By Philip R. Fischer, MD, DTM&H

Professor of Pediatrics, Department of Pediatric and Adolescent Medicine, Mayo Clinic, Rochester, MN

Dr. Fischer reports no financial relationships relevant to this field of study.

SYNOPSIS: Adding intravenous azithromycin to “routine” cephalosporin prophylaxis prior to non-elective cesarean section delivery significantly reduces the risk of postpartum endometritis and wound infection.

SOURCE: Tita AT, Szychowski JM, Boggess K, et al. Adjunctive azithromycin prophylaxis for cesarean delivery. N Engl J Med 2016;375:1231-1241.

Despite a widespread practice of giving cephalosporin treatment to women undergoing urgent cesarean section delivery, postpartum infections still occur. It has been postulated that Ureaplasma species might be responsible for some of the infections. A total of 1,019 women at 14 U.S. centers were randomized to receive pre-delivery azithromycin or placebo, each in addition to standard prophylaxis mostly cefazolin. Maternal and neonatal outcomes were observed.

Deliveries were by either non-elective cesarean section or by planned elective cesarean section when the membranes had already been ruptured. Eleven percent of deliveries were preterm, and the authors did not stratify outcomes based on whether or not the delivery was preterm. Azithromycin was dosed as 500 mg intravenously prior to skin incision in 88% of subjects and immediately after skin incision in the others.

Interestingly, despite good randomization procedures, smoking was more common in the placebo group (12.3%) than in the azithromycin group (9.5%).

Endometritis was more common in the placebo (6.1%) than in the azithromycin (3.8%) group (P = 0.02). Postoperative wound infection also was more common in women who received placebo (6.6%) than in those who received azithromycin (2.4%, P < 0.001). Infection-related clinic visits and readmissions were more common in placebo-treated women. Statistically, treating 17 women would have prevented at least one case of endometritis or wound infection.

Outcomes were determined during the postpartum admission, at the six-week postpartum visit, and via telephone three months after delivery. Neonatal “complications” included “suspected sepsis” in 12% of newborns and respiratory distress syndrome in 4%. Neonatal outcomes did not differ between the placebo and azithromycin groups.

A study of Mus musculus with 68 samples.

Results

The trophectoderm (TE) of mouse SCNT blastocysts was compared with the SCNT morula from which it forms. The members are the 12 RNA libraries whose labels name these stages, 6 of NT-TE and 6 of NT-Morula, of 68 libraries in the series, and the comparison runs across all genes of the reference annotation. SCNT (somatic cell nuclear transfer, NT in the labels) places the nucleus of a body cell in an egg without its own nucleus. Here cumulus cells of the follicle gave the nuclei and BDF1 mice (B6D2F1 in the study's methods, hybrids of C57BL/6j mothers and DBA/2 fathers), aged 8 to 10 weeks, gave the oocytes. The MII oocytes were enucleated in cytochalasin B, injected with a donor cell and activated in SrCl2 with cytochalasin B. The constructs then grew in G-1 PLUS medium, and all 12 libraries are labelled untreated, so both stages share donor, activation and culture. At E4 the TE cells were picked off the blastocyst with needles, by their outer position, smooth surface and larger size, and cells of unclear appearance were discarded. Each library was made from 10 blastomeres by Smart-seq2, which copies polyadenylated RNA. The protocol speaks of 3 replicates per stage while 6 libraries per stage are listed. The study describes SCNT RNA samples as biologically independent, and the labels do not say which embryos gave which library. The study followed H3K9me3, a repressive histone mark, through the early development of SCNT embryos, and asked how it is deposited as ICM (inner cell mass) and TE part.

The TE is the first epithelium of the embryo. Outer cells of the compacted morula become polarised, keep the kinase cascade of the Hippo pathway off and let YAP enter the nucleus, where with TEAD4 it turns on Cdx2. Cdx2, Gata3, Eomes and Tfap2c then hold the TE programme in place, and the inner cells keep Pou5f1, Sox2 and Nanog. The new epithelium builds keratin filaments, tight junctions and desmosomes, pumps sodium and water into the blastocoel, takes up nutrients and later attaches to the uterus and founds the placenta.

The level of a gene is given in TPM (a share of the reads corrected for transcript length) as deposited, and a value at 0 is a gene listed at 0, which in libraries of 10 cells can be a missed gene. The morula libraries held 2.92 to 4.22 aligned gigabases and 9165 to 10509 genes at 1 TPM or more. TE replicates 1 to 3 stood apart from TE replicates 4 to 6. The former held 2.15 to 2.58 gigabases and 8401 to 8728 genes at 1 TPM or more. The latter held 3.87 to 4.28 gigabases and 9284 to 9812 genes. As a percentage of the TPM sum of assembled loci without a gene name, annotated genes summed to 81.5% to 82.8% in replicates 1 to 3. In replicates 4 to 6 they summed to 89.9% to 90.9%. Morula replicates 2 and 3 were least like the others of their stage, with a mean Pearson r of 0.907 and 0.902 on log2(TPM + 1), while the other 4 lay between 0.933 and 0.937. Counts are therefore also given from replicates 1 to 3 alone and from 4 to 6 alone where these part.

Approximately 32% of births in the United States are via cesarean delivery,1 and, as noted by Tita and colleagues, approximately two-thirds of operative deliveries are not done as planned elective procedures. It is a vitally important and a potentially practice-changing finding that pre-delivery azithromycin administration could halve the rates of endometritis and postoperative wound infection. Of course, effectiveness in this population of women with urgent cesarean section (with 11% of them being preterm at the time of operative delivery) does not necessarily imply that azithromycin would be as effective in women with neither ruptured membranes nor urgent problems during labor. What about the risk of infantile pyloric stenosis with macrolide use?

Idiopathic hypertrophic pyloric stenosis occurs in approximately 1-2 of each 1,000 births.2,3 This risk of pyloric stenosis is much greater in infants who receive a macrolide during the first two weeks of life. Macrolide use between two and six weeks of age also is associated with a risk of pyloric stenosis, although less so.2-4

Tita and colleagues found that treating 17 women with azithromycin would prevent significant postpartum complications in one woman. With reasonable medical care, endometritis, postpartum wound infection, and pyloric stenosis are only very rarely life-threatening. Even if pyloric stenosis rates increased dramatically (from 1-2 per 1,000) due to maternal use of azithromycin, pyloric stenosis still would be very much more rare than the prevented maternal infections.

What about the development of the infant microbiome?

The use of intrapartum antibiotics, whether with cesarean section or vaginal delivery, is associated with variations in the subsequent infant intestinal microbiome.5 These changes in microbiome can persist up to 1 year of age.5 However, the implications of these alterations in infant microbiome have not yet been elucidated.

Thus, Tita and colleagues have provided an excellent randomized, blinded, multicenter large study showing that peripartum intravenous azithromycin is associated with a significant reduction in common postpartum maternal complications. Even pending further studies, it would be reasonable to include azithromycin in the pre-incision prophylaxis provided to women undergoing non-elective cesarean section.


  1. Martin JA, Hamilton BE, Osterman MJ. Births in the United States, 2014. NCHS Data Brief 2015 Sep;(216):1-8.
  2. Lund M, Pasternak B, Davidsen RB, et al. Use of macrolides in mother and child and risk of infantile hypertrophic pyloric stenosis: Nationwide cohort study. BMJ 2014;348:g1908.
  3. Eberly MD, Eide MB, Thompson JL, Nylund CM. Azithromycin in early infancy and pyloric stenosis. Pediatrics 2015;135:483-488.
  4. Murchison L, De Coppi P, Eaton S. Post-natal erythromycin exposure and risk of infantile hypertrophic pyloric stenosis: A systematic review and meta-analysis. Pediatr Surg Int 2016 Sep 21 [Epub ahead of print].
  5. Azad MB, Konya T, Persaud RR, et al; CHILD Study Investigators. Impact of maternal intrapartum antibiotics, method of birth and breastfeeding on gut microbiota during the first year of life: A prospective cohort study. BJOG 2016;123:983-993.